Gran Canaria natural attractions

Perhaps Gran Canaria’s most surprising feature is the spectacular variety of its scenery. Its accessible terrain affords as many kinds of landscape as would a whole continent, something that is undeniably appealing to lovers of spectacular views, flora, geology or simply the joys of driving or walking through the countryside.

The Island of Gran Canaria was formed some fourteen million years ago in a series of volcanic eruptions of enormous violence which caused the gigantic circular cone that is the island today to surge from the sea. Gran Canaria volcanism, which embraces an extraordinary variety of processes, has traditionally been the focus of attention of scientists from around the world.

In conjunction with the rest of the archipelago, the island forms an area of natural interest that is unique on Earth. Its geological features and the peculiarity of its flora, marked by an extremely high number of endemic species of a botanical rarity equivalent only to the Galapagos or Hawaiian islands, have, since the last century, made it an important Mecca for the naturalist.

Several of the multifold species of Canary Island flora and fauna are internationally known, such as the mythical and long-living drago (dragon tree or draecena), the Canary palm, present in gardens the world over, or the canary, arguably the most famous songbird of them all.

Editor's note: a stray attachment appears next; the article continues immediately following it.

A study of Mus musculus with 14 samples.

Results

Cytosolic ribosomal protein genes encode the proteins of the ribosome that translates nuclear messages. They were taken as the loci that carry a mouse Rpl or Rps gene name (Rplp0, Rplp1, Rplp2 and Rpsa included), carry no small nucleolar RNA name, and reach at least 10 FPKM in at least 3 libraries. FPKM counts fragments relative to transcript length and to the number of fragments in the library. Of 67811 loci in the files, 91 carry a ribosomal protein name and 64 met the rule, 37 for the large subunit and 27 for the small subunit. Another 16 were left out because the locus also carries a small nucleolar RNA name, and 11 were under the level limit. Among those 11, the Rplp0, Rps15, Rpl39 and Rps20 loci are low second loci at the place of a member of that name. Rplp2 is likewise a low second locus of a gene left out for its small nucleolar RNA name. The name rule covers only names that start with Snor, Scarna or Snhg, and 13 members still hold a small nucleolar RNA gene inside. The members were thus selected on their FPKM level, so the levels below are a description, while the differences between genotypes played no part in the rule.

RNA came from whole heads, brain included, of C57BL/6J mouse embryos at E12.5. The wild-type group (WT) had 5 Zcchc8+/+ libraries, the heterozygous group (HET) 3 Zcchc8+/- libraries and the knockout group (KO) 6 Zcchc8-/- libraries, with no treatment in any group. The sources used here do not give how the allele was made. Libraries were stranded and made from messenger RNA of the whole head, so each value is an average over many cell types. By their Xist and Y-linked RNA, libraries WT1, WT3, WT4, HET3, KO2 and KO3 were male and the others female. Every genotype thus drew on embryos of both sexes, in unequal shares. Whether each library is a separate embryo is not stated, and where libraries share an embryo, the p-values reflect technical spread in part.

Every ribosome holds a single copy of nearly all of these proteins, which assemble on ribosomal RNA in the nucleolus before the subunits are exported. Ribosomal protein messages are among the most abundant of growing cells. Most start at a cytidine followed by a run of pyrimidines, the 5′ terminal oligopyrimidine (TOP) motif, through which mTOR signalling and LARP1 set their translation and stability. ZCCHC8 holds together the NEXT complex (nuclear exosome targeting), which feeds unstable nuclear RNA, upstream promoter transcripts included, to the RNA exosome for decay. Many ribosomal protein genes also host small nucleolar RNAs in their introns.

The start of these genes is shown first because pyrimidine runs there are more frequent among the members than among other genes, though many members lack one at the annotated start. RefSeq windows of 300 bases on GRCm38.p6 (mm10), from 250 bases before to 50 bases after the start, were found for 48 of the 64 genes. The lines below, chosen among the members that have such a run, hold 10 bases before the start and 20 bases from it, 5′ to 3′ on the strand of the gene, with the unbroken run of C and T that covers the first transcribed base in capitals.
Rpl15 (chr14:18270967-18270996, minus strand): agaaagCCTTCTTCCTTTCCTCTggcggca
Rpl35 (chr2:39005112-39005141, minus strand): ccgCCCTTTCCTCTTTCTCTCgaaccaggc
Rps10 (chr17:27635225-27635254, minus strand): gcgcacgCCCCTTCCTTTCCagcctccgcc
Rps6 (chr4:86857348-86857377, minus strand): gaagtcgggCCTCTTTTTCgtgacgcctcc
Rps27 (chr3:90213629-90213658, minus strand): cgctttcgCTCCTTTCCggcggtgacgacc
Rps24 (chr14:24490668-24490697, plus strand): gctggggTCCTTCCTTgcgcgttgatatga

Roque Nublo and Bentaiga

Roque Nublo and Bentaiga

In addition to the many nature routes that one can do on Gran Canaria by car, along winding roads that unveil a different type of scenery with every passing kilometre, there is an infinite number of hiking trails on the island which can be walked without any fear of coming across dangerous animal species, be they snakes -non-existent in the Canaries- or poisonous insects.

For this express purpose, there is a network of caminos reales (royal ways), the former tracks that once linked the island towns and which have now been cleared and re-opened to hikers. To venture on foot through the hinterland, an area of abrupt changes, dramatic contours and plummeting ravines, often produces the feeling of being in an unexplored territory, far removed from the slightest hint of civilisation. This is due to the fact that innumerable mountain ridges isolate one part of Gran Canaria from the next, and that 90% of the island’s population is concentrated in 30% of the territory, near and along the coast.